What a reunion!
The two things I remember about my first trip to New York when I was a boy are the liner Normandie on its side in the Hudson River, and Jacques Louis David's painting "The Death of Socrates" at the Metropolitan Museum.
The ship is gone, but the painting remains. I know because the Metropolitan is now my second home and I see the painting all the time.
For over two decades I have visited the Metropolitan regularly. At least 100 of its works of art have become close friends; I worry and fret whenever they are moved or lent to other museums.
So I was concerned when a large number of them recently dropped from sight. But I need not have worried, for they have turned up -- many cleaned and reframed -- in the brand new Andre Meyer Galleries on the second floor of the Metropolitan.
What a joyous reunion we had! And what a wonderful place to have it!
This new home for 19th-century European art consists of 13 air-conditioned galleries surrounding a larger exhibition area. It is spacious, light, and obviously designed to put art center stage. Most of the walls are covered with silk fabrics of various colors. The rooms are flooded with natural light entering from skylights -- something especially important for viewing the Impressionists. And there is plenty of space for both closeup and distant viewing. Even the large and informative labels contribute their bit to making a visit to these galleries a memorable occasion.
The central area houses the museum's collection of impressionist and post-impressionist paintings, including its 21 Manets, 28 Monets, 15 Renoirs, and 19 Cezannes -- and a special group of van Goghs.
All the museum's paintings by Degas as well as a large selection of his pastels fill another three rooms.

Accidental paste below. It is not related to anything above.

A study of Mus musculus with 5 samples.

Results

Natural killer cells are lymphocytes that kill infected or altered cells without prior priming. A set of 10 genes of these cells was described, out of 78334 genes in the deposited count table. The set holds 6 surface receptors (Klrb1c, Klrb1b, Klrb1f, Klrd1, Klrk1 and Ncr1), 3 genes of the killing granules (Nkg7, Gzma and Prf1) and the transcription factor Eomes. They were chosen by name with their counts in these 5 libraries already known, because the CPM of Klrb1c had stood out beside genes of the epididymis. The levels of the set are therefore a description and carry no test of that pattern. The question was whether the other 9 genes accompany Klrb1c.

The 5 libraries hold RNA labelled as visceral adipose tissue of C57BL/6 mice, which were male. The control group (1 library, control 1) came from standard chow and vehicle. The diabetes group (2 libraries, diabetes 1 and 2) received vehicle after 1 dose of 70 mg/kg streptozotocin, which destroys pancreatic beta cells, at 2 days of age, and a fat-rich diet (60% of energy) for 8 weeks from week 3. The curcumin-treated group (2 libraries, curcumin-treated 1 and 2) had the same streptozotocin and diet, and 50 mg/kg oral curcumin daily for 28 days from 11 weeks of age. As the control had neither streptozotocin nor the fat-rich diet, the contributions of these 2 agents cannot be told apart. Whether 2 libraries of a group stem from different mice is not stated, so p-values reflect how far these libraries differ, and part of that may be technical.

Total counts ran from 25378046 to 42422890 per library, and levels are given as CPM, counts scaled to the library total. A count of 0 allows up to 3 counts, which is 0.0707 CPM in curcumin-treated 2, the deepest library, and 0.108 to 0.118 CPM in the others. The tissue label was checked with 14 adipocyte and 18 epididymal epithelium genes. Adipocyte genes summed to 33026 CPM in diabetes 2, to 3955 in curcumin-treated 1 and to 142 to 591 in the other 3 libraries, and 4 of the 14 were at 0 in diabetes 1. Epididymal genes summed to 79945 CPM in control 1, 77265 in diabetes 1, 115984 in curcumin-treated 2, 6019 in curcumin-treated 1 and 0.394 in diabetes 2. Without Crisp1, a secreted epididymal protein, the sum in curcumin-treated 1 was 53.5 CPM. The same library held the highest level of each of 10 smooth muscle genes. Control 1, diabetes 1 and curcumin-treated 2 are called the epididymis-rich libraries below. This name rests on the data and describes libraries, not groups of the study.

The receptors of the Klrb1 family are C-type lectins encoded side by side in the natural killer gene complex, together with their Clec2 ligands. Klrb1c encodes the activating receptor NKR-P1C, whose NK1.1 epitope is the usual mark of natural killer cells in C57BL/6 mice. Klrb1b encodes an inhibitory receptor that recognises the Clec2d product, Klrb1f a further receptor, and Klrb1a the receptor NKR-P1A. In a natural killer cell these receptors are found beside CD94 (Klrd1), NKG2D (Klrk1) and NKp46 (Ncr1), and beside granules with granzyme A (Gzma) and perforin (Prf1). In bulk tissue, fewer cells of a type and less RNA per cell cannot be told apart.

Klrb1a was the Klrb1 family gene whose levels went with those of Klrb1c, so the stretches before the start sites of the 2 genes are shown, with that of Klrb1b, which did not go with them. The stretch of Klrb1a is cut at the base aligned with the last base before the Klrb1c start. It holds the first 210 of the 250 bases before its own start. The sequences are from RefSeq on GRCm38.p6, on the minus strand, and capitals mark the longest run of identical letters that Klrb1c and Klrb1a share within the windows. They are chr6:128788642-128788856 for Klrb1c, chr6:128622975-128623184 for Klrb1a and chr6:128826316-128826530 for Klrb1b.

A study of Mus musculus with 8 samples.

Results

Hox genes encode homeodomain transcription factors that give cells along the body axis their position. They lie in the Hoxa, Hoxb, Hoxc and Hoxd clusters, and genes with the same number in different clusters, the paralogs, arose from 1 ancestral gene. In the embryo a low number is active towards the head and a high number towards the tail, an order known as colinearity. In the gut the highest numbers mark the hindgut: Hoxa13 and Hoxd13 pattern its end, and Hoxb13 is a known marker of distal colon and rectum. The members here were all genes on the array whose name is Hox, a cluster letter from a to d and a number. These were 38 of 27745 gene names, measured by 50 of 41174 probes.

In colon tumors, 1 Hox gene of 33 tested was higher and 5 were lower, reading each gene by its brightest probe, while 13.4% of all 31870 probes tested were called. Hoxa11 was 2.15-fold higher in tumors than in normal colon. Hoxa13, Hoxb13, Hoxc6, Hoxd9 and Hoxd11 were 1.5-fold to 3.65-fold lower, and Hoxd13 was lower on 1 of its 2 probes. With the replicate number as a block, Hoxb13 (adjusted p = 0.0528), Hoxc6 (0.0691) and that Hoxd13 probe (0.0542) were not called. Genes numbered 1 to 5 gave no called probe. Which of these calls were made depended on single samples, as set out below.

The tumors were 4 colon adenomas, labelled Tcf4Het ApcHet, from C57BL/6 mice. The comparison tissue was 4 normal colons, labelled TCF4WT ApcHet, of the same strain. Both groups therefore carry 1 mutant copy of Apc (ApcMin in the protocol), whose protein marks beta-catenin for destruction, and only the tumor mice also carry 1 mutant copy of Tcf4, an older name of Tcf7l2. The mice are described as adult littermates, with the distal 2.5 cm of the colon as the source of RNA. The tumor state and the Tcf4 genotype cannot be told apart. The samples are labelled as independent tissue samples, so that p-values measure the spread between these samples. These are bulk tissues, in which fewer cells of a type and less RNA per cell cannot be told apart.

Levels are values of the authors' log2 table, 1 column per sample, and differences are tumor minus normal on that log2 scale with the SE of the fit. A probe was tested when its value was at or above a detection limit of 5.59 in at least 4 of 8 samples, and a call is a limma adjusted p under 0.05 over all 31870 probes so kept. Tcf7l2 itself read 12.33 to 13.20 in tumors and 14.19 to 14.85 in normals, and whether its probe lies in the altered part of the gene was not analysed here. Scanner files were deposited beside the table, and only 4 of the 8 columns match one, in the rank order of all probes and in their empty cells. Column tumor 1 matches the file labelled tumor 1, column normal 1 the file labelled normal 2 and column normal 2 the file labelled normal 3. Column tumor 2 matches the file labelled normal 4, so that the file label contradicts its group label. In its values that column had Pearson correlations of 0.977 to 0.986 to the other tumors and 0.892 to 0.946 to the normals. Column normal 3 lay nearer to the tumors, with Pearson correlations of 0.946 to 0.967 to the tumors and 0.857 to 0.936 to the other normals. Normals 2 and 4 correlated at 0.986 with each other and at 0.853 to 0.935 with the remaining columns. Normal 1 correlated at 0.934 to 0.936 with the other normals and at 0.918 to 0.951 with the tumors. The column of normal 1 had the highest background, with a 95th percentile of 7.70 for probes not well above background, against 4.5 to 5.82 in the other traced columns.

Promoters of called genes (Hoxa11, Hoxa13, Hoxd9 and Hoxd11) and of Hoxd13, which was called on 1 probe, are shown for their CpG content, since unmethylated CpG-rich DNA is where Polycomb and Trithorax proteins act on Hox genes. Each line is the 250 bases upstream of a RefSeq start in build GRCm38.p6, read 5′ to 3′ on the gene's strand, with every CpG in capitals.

Other galleries are devoted to Rodin's sculpture, to Courbet, to Millet and the Barbizon school, to neoclassicism and romanticism, to symbolism, and to salon art.
Many of my old friends look even better in their new home. Manet's "Spanish Singer" and 'Woman with a Parrot," Cezanne's "Madame Cezanne in the Conservatory ," Monet's "Terrace at Sainte-Adresse," Degas's "The Dancing Class," and Renoir's "Madame Charpentier and Her Children" -- and many others -- seem to have taken on a new life in these fresh surroundings.
There are some recent acquisitions I know I'll want to see again and again, in particular Fantin-Latour's "Still Life With Flowers and Fruit," and Toulouse Lautrec's "Rene Grenier." The latter, a small portrait-study executed when Lautrec was 23, is the best evidence of that artist's genius I have ever seen. It is a miraculous fusion of objective observation and creative sensibility, -- and I'm most grateful that Mary C. Fosburgh gave it to the museum.
This, I thought as I walked around the galleries, is what painting is all about! This is what the old-guard salon painters fought so hard to protect, and what the modernists fought so hard to change. What a superb bunch of painters and sculptors these characters were! Paint and canvas, clay and stone were in their blood. Goya, Turner, Ingres, Delacroix, Theodore Rousseau, Daumier, Courbet, Corot, Monet, Manet, van Gogh, Rodin, Cezanne, Degas. On and on! Even the unfashionable salon painters Meissonier and Gerome are impressive.
What a century for painting that was! Has there been any other like it except for the glorious 17th? I mean for painting that is physical and direct, which makes its point and establishes its identity as tactile experience rather than as color-tinting filling in the drawing. And how many painters in the history of art were as good, I mean just simply good,m as Manet? The 17th century may have had Vermeer and Velazquez, but the 19th had Manet.
Nineteenth-century art covered an extraordinary range, from the precisely observed and exquisitely self-contained art of Ingres to the rhythmic and explosive art of van Gogh, from the political art of David to the socially alienated art of Lautrec. It was the century in which the line between those who saw art as tradition to be defended at all costs and those who saw art as dynamic and always moving was most clearly drawn. It was the century of polarization in art.
It's all there in these galleries at the Metropolitan: the beauty, the genius , the echoes of great social, intellectual, and political upheavals. But most of all the evidence of the greatness of art and of the human spirit.
This is art and museum-going at their very best!